After the US military moved to scrap a $300 million aid to Pakistan for what it claimed was Islamabad's lack of “decisive actions” in support of regional American strategy, Foreign Minister Shah Mehmood Qureshi contended the labeling of the payment as "aid" and vowed to discuss the matter with US Secretary of State Michael Pompeo.
“Due to a lack of Pakistani decisive actions in support of the South Asia Strategy... $300m (actually $323.6m to include non-Pakistan funds) was reprogrammed by the Defense Department in the June/July 2018 time frame for other urgent priorities,” Lieutenant Colonel Kone Faulkner said in an email to AFP.
The US defence department “is awaiting a congressional determination on whether this reprogramming request will be approved or denied”, Faulkner said.
"This is not an aid of any kind that can be suspended," he said. "This is actually the payment of expenses incurred by us during the war against terrorism."
The foreign minister said that to "rid the region and the world from terrorism is a joint effort, for which Pakistan has done a lot. The Pakistan Army and people have sacrificed a lot, which is why the positive thinking should be that all the measures that are for our joint goals should continue as is."
Qureshi said that the matter will be discussed with US Secretary of State Michael Pompeo when he visits Pakistan on Wednesday.
"We will sit with him, present our point of view and exchange ideas," he said. "We have several combined interest ... we will take our mutual respect for each other into consideration and move forward."
Pakistan has fought fierce campaigns against homegrown militant groups and has lost thousands of lives and spent billions of dollars in its long war on extremism.
But US officials accuse Islamabad of ignoring or even collaborating with groups that attack Afghanistan from alleged safe havens along the border between the two countries.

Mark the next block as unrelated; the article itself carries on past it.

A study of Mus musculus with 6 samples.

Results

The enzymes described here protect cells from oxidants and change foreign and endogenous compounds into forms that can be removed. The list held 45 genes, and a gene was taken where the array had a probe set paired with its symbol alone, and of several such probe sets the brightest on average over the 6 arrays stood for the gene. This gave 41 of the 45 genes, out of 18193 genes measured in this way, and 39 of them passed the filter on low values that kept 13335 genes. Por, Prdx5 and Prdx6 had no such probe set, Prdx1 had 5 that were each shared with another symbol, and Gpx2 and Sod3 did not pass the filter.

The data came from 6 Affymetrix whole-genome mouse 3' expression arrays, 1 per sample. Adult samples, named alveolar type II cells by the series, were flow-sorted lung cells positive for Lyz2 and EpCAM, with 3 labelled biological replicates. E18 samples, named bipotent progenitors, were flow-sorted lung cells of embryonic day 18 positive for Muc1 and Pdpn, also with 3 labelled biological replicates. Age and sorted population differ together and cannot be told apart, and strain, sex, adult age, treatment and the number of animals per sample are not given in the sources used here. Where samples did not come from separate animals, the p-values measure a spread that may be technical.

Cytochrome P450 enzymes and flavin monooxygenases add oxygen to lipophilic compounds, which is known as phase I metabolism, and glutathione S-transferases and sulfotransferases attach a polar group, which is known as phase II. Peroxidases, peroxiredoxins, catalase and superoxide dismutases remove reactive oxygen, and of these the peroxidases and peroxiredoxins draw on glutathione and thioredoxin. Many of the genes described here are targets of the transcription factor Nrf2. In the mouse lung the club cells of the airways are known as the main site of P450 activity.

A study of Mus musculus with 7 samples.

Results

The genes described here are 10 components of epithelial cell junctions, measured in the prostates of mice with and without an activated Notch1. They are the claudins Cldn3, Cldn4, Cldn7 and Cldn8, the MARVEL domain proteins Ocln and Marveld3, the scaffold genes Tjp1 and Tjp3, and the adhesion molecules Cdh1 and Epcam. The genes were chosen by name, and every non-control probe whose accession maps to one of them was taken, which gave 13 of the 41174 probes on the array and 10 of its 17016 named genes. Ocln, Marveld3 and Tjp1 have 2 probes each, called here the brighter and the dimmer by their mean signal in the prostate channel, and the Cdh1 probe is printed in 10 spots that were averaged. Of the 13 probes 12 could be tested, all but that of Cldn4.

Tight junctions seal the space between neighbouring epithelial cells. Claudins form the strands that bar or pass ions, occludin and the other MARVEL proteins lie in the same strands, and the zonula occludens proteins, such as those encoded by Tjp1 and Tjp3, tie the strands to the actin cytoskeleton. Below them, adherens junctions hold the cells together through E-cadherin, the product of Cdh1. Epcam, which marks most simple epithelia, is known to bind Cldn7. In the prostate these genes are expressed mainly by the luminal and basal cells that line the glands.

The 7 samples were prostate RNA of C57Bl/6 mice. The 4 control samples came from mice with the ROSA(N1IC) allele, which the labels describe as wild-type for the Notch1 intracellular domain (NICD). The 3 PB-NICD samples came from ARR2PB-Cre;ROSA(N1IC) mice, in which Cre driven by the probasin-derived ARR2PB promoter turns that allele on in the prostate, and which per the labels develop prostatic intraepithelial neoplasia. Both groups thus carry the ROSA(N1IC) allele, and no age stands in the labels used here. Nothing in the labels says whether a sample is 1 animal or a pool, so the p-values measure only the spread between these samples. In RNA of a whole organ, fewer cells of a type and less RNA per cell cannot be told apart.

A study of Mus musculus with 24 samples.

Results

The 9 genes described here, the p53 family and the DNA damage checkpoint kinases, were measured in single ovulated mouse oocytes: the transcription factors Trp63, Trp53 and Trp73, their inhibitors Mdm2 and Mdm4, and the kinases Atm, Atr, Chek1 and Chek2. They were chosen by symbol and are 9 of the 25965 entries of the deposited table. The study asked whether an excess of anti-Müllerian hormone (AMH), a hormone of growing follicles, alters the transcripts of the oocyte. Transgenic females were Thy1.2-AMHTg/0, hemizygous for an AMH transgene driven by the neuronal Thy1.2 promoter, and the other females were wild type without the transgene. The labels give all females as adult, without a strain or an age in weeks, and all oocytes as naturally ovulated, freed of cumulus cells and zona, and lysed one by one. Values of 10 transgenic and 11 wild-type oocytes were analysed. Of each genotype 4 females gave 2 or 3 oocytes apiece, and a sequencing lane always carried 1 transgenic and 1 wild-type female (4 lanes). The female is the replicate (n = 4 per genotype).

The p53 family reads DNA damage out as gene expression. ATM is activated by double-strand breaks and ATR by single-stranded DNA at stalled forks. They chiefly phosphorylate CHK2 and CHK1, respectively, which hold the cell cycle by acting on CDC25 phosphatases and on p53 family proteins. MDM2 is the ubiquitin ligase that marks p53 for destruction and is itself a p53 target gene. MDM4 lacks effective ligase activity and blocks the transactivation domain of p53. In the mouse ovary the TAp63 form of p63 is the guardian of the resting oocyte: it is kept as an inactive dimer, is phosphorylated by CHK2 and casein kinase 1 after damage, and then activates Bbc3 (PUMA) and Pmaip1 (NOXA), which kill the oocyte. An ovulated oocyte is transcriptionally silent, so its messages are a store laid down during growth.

The White House believes that a Pakistani crackdown could be pivotal in deciding the outcome of the long-running war in Afghanistan.
US frustration boils over
President Donald Trump's predecessor Barack Obama authorised drone strikes on Pakistani soil and sent US commandos to kill Osama bin Laden in his Abbottabad hideout.
But Trump's aggressive language has especially angered Pakistani officials. “The United States has foolishly given Pakistan more than 33 billion dollars in aid over the last 15 years, and they have given us nothing but lies & deceit, thinking of our leaders as fools,” Trump wrote on Twitter at the beginning of the year.
“They give safe haven to the terrorists we hunt in Afghanistan, with little help. No more!”
Pakistani leaders disputed the $33b figure, insisting that around half of the money relates to reimbursements, and the prime minister's office accused Trump of ignoring the great sacrifices the country has made to fight extremism.
In March, a senior US official said that Pakistan has “done the bare minimum to appear responsive to our requests,” and concerns over a lack of action by Islamabad against militant groups still persist.
“We continue to press Pakistan to indiscriminately target all terrorist groups,” Faulkner had said.